Chicken Soup à la Text Message

There are a few things to love about winter.  Snow, for example.  Hikes in a winter wonderland.  The Narnia look of our neighborhood as flakes fall through trees lit by softly glowing streetlamps and a gently silvered moon.  Chicken soup.

Now, I love chicken noodle soup.  I’ve loved it since I was a kid.  But it’s not a dish I know how to make very well.  Mary Anne, on the other hand, makes a delicious chicken noodle soup.  Homemade noodles, fresh vegetables, our own broth, a dash of freshly ground cumin, and I’m a happy fellow.  Add cornbread, and things are just about perfect.

All of this is important because, a few days ago (on a cold gray day much like today), I realized that dinner time was approaching.  Sadly, I didn’t have a clue what was on the menu.  You see, I may do a lot of the cooking at our house, but I’m not great a “winging it.”  Having had both my darling and the bouncing baby boy look at my dinners and say “Oh.  You thought I might eat that?” I’ve learned to check the menu before starting to cook.  A plan is essential — and I didn’t have one.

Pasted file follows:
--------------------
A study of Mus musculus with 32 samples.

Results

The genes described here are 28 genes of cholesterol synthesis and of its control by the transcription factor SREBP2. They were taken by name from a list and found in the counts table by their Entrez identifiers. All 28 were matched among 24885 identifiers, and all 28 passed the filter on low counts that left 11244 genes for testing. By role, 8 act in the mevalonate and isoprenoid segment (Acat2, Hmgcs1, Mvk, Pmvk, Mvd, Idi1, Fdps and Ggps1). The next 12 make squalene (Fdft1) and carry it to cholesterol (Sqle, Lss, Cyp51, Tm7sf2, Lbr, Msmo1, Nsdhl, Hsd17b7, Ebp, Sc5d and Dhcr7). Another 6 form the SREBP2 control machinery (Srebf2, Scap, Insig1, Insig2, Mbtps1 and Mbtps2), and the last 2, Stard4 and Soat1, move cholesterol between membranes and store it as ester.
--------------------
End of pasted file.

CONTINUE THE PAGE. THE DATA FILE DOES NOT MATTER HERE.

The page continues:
So I texted my darling (even though it was a weeknight and not really her job to come up with a meal) to ask if she had any preference for dinner.  I got the following slightly grumpy reply.

You can just hear my reaction, can’t you?  In about a half second, it went something like this:

“Wait!  What did I do?”
“Ooh, that sounds good!”
“Wait!  I don’t know how to make that.”

Fortunately, Mary Anne could hear it, too.  So she just went ahead and texted me the recipe.

Being a guy, I consider a recipe to be a roadmap.  You begin at the beginning and follow it to the end.  Mary Anne, on the other hand, is what I call a creative cook.  She never follows a recipe.  Never.  She sees a recipe as just a suggestion.  A hint.  A jumping-off point.  Sometimes it works.  Sometimes it doesn’t.  It’s not a language I speak well, but I could follow what she sent well enough to make soup.  When she got home, she tweaked it using ingredients that weren’t included in her text (like points of interest that I somehow should have known to visit) while I made cornbread.  It worked well.

And that’s one of the things I love about cooking together.  About out life together.  We understand each other’s shorthand.  We get it.